Joliet History


When you enter Joliet, a 1950s ice cream parlor situated on a greenway invites you to stop for a frozen treat. You can almost see the 1950s era pastel, finned cars in the parking lot. Across the Ruby Street Bridge, the twin spires of St. Joseph’s Church marks the neighborhood once known as “Slovenian Row.” This neighborhood was once the site of a massive steel mill and factories which employed waves of Eastern European immigrants in search of a better life in the late 19th century. A small unassuming store front on Chicago Street markes the spot where entrepreneur Sherb Noble opened the first Dairy Queen in America in 1940.

At the Joliet Area Historical Museum, get your bearings in the facility’s expansive Route 66-themed welcome center where you can plan your trip, and learn how Route 66’s ancestor, the I&M Canal, moved goods and people nearly a century before the highway was established. The museum’s modern, fully interactive galleries offer a big-city museum experience while paying homage to the 1909 Ottawa Street Methodist Church by retaining its beautiful stained glass and architectural features.

At the center of it all in Joliet is the magnificent Rialto Square Theater. This incredibly lavish theater, modeled in part after the Palace of Versailles, was opened just months after Route 66 was established. The ostentatious Rialto hosted the most significant Vaudeville acts from the area while was also accommodating newfangled “talkies” that appeared across the country. Saved from the wrecking ball, the beautiful theater is an internationally-renowned source of pride for the community and an architectural treasure on Route 66.

Architecture abounds in Downtown Joliet. The famed “White City” architect, Daniel Burnham, built the city’s stately public library building in 1903, and over a half dozen buildings by Burnham’s architectural firm can be found in the City Center. On Chicago Street, the Woodruff Building was designed by Willam Baron Jenney, known as the Father of the Modern Skyscraper.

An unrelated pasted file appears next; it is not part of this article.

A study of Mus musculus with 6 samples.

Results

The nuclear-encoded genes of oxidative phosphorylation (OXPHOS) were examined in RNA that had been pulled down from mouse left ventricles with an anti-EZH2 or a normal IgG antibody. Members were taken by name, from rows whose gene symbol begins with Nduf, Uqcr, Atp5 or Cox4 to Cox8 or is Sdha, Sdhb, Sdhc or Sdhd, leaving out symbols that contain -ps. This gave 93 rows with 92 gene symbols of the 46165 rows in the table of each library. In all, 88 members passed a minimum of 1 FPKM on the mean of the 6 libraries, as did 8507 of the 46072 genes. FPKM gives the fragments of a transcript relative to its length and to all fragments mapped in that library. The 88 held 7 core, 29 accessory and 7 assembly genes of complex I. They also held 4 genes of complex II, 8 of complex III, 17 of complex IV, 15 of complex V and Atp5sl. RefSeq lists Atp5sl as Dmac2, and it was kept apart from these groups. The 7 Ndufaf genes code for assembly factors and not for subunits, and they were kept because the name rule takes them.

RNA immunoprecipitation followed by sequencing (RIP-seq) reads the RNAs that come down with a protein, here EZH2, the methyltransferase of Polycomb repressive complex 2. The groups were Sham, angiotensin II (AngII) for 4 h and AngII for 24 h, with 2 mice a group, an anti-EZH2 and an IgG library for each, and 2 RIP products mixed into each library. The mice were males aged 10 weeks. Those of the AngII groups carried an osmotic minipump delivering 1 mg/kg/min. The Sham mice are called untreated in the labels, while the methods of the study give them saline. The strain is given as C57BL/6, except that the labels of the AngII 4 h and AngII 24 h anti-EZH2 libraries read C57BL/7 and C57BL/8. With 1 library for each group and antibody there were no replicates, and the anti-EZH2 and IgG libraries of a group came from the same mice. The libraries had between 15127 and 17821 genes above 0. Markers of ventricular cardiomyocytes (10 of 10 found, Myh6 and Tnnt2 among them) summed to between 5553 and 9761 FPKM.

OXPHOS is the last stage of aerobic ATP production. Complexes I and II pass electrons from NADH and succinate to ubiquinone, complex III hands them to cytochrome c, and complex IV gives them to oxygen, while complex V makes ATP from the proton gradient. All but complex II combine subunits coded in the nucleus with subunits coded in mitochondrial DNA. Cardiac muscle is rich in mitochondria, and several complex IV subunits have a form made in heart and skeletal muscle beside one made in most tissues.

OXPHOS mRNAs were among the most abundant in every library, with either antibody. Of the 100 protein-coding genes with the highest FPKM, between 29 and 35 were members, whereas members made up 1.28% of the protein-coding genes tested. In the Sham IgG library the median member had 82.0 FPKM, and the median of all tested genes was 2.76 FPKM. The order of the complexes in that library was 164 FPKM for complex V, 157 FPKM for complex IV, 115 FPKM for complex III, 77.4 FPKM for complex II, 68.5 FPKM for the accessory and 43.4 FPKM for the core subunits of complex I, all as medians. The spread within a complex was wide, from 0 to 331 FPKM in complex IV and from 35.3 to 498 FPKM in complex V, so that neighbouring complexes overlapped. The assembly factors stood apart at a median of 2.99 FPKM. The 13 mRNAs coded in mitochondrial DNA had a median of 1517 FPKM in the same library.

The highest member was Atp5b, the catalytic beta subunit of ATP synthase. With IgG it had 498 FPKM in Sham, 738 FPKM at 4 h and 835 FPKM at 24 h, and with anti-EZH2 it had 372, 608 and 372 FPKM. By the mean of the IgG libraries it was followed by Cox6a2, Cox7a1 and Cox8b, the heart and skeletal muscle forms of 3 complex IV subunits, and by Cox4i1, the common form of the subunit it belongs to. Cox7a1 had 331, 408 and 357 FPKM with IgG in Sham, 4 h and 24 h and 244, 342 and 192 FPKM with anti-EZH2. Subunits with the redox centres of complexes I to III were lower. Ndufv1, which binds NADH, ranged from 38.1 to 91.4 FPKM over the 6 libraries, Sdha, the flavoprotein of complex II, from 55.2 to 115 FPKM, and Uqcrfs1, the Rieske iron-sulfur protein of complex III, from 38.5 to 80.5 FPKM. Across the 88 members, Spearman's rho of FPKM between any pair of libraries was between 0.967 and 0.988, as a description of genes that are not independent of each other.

Joliet’s Union Station is also a must-see for Route 66 travelers. Al Capone was arrested here in 1927 just before Christmas on a “gun-toting” charge. Capone was attempting to allude authorities in Chicago by disembarking his train early in Joliet and driving back up to Chicago. It is said that the entire Joliet police force apprehended Capone and that it was the only time he was taken by authorities at gunpoint. When he went before a judge, Capone promised, “I’ll never tote a gun again. … in Joliet.”

Just off the route, visit the iconic Old Joliet Prison. Built in 1858 by architect W.W. Boyington – the same architect who built the Chicago Water Tower – the prison became even more famous in 1980 as the home of “Joliet Jake” Blues, portrayed by John Belushi. While the prison remains closed to the public, a pocket park and interpretative signage allows for a Route 66 visitor photo op!

South of Joliet, the former site of a World War II era munitions plant now blooms as Midewin, America’s only restored National Tallgrass Prairie. Walk scenic trails and experience what the area looked and felt like centuries before European settlement, including native species of bison.

Route 66 in Joliet offers an experience that rivals any community along the Route. In addition to a wealth of history, modern gaming, lodging, dining and entertainment are just located steps off of the “Mother Road” and will ensure your time on the road in Joliet is memorable!